Formal Correction: This article has been formally corrected to address the following errors.
Citation: Potera C 2005. Asthma: A Gut Reaction to Antibiotics. Environ Health Perspect 113:A372-A372.
Is the explosive rise in asthma and allergies being seen especially in children partially related to antibiotic use? Epidemiologic studies have found strong connections between antibiotic treatment and the later development of asthma and allergies. Yet, until recently, no studies had looked at how the two are linked. Now researchers at the University of Michigan in Ann Arbor have created a mouse model that offers clues to the mechanism behind the association.
Immunologist Gary Huffnagle and colleagues are the first to demonstrate in a mouse model that the disruption of beneficial intestinal bacteria by antibiotics allows yeast to take hold and flourish. They developed their mouse model specifically to study the relationship between antibiotic use and allergies. When mice inhale fungal spores known to trigger allergies in people, the allergic reaction is more potent in mice with an overgrowth of yeast in their guts.
In their studies, the Michigan researchers first treat mice for several days with the broad-spectrum antibiotic cefoperazone to destroy the gut flora. Then the mice are fed Candida albicans, a yeast that commonly lives in people. “This represents the clinical scenario of getting a yeast infection after taking antibiotics,” says Huffnagle. Next, the mice are exposed nasally to spores of the mold Aspergillus fumigatus(a major indoor contaminant) and to egg white protein.
Results are showing that both allergens produce significant increases in inflammation-related white blood cells in the lungs of the mice, and they elevate blood levels of key markers of allergic reactions, including IgE, interleukin-5, and interleukin-13. Mice not treated with antibiotics show much milder reactions to the allergens. The team’s latest report appears in the January 2005 issue of Infection and Immunity. Future work with the model will investigate the actions of other antibiotics (such as amoxicillin) and allergens (such as pollen and dust mites).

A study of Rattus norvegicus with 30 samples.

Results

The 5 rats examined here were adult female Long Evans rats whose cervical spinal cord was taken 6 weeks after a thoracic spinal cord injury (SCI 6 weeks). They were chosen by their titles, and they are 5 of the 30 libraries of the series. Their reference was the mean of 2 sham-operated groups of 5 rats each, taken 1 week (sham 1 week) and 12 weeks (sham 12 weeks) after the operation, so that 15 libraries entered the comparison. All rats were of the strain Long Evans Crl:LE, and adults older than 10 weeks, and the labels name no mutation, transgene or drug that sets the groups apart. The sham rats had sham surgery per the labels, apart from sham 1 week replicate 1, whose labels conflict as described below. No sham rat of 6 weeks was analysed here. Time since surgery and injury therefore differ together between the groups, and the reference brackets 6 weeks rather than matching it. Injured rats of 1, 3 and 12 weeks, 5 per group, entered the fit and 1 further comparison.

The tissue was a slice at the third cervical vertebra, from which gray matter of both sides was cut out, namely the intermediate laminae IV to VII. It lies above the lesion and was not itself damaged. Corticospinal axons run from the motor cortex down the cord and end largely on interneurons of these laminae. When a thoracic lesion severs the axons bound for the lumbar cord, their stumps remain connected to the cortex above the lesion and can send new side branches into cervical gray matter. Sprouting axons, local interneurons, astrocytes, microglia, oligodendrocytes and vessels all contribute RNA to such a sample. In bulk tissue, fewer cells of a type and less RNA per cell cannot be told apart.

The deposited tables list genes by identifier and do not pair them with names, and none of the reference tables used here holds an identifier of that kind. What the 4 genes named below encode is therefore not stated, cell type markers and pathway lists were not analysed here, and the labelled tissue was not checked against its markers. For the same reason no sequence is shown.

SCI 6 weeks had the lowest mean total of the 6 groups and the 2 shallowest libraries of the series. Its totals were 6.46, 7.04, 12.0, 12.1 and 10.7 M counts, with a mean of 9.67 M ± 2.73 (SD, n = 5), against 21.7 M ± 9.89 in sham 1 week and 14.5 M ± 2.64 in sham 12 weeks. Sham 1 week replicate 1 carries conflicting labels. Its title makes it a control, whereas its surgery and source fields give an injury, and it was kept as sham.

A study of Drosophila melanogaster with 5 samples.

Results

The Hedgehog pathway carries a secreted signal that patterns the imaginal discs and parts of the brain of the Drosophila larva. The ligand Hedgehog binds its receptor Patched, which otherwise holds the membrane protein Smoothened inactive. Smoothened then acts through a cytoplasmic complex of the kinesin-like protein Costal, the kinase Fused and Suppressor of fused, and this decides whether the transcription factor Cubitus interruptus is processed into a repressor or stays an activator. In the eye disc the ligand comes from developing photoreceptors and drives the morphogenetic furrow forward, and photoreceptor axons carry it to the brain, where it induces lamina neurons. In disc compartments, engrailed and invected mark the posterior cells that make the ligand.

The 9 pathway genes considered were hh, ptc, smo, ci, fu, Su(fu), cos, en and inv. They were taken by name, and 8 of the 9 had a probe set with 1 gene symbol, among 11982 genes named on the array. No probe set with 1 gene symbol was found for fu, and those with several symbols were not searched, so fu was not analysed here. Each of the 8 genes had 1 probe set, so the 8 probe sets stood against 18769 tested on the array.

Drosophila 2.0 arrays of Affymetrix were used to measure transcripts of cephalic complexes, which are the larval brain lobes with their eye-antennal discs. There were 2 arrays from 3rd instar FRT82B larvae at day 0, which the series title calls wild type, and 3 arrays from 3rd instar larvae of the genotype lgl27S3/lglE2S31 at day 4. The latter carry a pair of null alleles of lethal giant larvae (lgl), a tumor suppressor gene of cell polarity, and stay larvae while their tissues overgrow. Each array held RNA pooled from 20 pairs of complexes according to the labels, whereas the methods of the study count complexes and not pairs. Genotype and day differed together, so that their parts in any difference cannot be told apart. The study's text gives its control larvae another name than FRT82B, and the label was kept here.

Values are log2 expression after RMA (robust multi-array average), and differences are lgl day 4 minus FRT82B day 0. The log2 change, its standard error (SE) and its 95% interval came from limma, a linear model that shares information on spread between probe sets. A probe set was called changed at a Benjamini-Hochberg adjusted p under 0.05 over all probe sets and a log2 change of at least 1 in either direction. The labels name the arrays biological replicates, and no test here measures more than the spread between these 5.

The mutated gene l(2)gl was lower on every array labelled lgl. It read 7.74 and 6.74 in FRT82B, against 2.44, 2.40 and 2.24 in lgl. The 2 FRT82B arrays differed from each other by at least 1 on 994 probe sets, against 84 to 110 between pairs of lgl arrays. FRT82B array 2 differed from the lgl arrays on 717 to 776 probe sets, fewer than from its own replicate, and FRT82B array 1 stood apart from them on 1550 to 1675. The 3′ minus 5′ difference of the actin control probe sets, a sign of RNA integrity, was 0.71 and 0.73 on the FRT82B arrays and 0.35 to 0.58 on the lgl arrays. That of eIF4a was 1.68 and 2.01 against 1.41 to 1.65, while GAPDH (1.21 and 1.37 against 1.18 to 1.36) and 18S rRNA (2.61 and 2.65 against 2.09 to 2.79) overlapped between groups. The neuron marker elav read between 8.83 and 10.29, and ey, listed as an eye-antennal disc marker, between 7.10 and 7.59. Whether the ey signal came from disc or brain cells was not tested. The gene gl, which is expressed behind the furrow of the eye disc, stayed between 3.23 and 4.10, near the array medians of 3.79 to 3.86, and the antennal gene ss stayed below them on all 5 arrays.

How do changes in gut flora influence respiratory allergies? The answer likely involves oral tolerance, Huffnagle theorizes. Upon ingestion of allergens, the oral mucosa generate regulatory T cells, which circulate to the respiratory tract, where they suppress allergic reactions. “We live in a dirty world, and we swallow mold spores, pollen, dust, and other allergens constantly,” says Huffnagle. These oral allergens trigger immune responses that instruct the rest of the body to be more tolerant of allergens so allergic reactions don’t occur. Moreover, other studies have indicated that mice lacking gut flora cannot generate oral tolerance. When the gut flora are restored, oral tolerance returns.
Huffnagle plans to evaluate over-the-counter probiotics—concentrated supplements of beneficial bacteria—to identify which, if any, work best for replenishing gut flora. “[Probiotics are a] relatively new concept, and there’s not a lot of precedent for their use now,” says infectious disease specialist Bruce Klein of the University of Wisconsin–Madison. If future studies show that probiotics do replace flora, Klein adds, physicians may be inclined to recommend their use. Eating yogurt with live cultures also remains a good way to replenish gut flora following a course of antibiotics.